Feeds

You want a $100 computer? For $300? No sale!

No Laptop per Rich Child

3 Big data security analytics techniques

One Laptop per Child (OLPC), a non-profit organisation with the goal of providing children in developing nations with laptop computers, today announced that "contrary to previously published reports OLPC has no plans to make the XO laptops available for sale to the general public."

Sad news for Computerworld's Frank Hayes who says he wants one.

Exactly where the idea comes from that the things would be generally for sale, isn't clear. Well, nearly; it came from the Consumer Electronics Show, where Michalis Bletsas, chief connectivity officer for the project, was quoted saying that eBay could be a partner to sell the laptop. "If we started selling the laptop now, we would do very good business," Mr Bletsas, told BBC News.

The Bletsas interview was long and detailed, and it's hard to understand how it might be wrong. But yesterday, the OLPC project went to the trouble of putting out a denial. OLPC founder Nicholas Negroponte: "Contrary to recent reports, One Laptop per Child is not planning a consumer version of its current XO laptop, designed for the poorest and most remote children in the world."

He said that the XO "will be made available to governments in very large quantities to be given to all children free, as part of the education system."

The denial went on: "Many commercial ventures have been considered and proposed that may surface in 2008 or beyond, one of which is ‘buy 2 and get 1.’ In addition, OLPC is launching OLPC Foundation later this month, specifically to accommodate the huge goodwill and charity that has surfaced around the idea of a $100 laptop."

Which leaves Frank Hayes miffed: "Look, these machines. They're cute, colorful, rugged, and even at $300 each or more they'd be an inexpensive and very welcome addition to any long car trip with kids. Selling them to the general public would be a great way to raise extra money for the project, raise awareness of the project and generally feed the OLPC/XO machinery" he wrote.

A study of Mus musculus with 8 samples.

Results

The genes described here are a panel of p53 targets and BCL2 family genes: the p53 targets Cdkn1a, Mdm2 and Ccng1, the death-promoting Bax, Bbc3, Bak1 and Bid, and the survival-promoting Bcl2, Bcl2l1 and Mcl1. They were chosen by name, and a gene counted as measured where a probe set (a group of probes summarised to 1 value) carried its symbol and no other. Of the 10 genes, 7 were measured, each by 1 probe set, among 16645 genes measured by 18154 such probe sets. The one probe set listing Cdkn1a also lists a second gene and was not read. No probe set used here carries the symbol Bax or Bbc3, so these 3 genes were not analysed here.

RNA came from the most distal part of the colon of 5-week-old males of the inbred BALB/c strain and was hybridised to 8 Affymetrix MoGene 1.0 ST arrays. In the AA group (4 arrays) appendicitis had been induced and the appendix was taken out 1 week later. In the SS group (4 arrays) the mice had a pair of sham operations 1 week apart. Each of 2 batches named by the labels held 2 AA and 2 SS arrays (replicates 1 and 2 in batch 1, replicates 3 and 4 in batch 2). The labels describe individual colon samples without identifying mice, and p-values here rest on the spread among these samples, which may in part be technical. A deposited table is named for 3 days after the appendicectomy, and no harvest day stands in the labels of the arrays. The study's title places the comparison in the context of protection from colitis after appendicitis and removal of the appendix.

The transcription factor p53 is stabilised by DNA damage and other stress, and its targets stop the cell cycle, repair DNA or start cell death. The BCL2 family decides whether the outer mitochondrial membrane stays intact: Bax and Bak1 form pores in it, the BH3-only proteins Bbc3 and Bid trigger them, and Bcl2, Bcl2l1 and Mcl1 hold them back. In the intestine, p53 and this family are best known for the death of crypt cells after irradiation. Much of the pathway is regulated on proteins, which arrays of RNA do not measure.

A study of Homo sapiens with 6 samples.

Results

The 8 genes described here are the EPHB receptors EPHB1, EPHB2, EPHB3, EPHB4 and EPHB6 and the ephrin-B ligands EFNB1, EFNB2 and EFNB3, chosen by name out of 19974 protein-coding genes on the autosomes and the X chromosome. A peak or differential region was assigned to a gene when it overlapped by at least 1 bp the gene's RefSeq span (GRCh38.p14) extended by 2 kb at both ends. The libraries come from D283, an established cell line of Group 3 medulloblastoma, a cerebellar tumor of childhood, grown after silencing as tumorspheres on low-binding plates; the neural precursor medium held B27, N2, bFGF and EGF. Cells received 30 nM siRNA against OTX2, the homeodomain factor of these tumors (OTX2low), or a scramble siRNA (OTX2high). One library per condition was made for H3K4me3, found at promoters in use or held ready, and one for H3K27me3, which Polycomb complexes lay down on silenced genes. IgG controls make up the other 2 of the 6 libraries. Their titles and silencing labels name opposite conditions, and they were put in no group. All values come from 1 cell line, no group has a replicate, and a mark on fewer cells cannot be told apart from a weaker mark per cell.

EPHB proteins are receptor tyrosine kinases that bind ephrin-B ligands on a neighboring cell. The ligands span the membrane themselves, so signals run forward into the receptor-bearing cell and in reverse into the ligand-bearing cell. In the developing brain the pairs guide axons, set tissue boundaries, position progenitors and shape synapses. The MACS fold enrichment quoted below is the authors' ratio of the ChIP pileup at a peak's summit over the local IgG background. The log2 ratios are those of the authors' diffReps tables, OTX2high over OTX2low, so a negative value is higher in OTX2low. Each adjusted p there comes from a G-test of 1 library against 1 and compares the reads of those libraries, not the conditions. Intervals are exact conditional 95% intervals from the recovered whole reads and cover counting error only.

Copyright © Newswireless.net

SANS - Survey on application security programs

More from The Register

next story
Leaked pics show EMBIGGENED iPhone 6 screen
Fat-fingered fanbois rejoice over Chinternet snaps
Oh no, Joe: WinPhone users already griping over 8.1 mega-update
Hang on. Which bit of Developer Preview don't you understand?
Microsoft lobs pre-release Windows Phone 8.1 at devs who dare
App makers can load it before anyone else, but if they do they're stuck with it
True optical zoom coming to HTC smartphone cameras
Time to ditch that heavy DSLR? Maybe in a year, year and a half
Rounded corners? Pah! Amazon's '3D phone has eye-tracking tech'
Now THAT'S what we call a proper new feature
Feast your PUNY eyes on highest resolution phone display EVER
Too much pixel dust for your strained eyeballs to handle
Zucker punched: Google gobbles Facebook-wooed Titan Aerospace
Up, up and away in my beautiful balloon flying broadband-bot
Leaked photos may indicate slimmer next-generation iPad
Will iPad Air evolve into iPad Helium?
US mobile firms cave on kill switch, agree to install anti-theft code
Slow and kludgy rollout will protect corporate profits
prev story

Whitepapers

SANS - Survey on application security programs
In this whitepaper learn about the state of application security programs and practices of 488 surveyed respondents, and discover how mature and effective these programs are.
Combat fraud and increase customer satisfaction
Based on their experience using HP ArcSight Enterprise Security Manager for IT security operations, Finansbank moved to HP ArcSight ESM for fraud management.
The benefits of software based PBX
Why you should break free from your proprietary PBX and how to leverage your existing server hardware.
Top three mobile application threats
Learn about three of the top mobile application security threats facing businesses today and recommendations on how to mitigate the risk.
3 Big data security analytics techniques
Applying these Big Data security analytics techniques can help you make your business safer by detecting attacks early, before significant damage is done.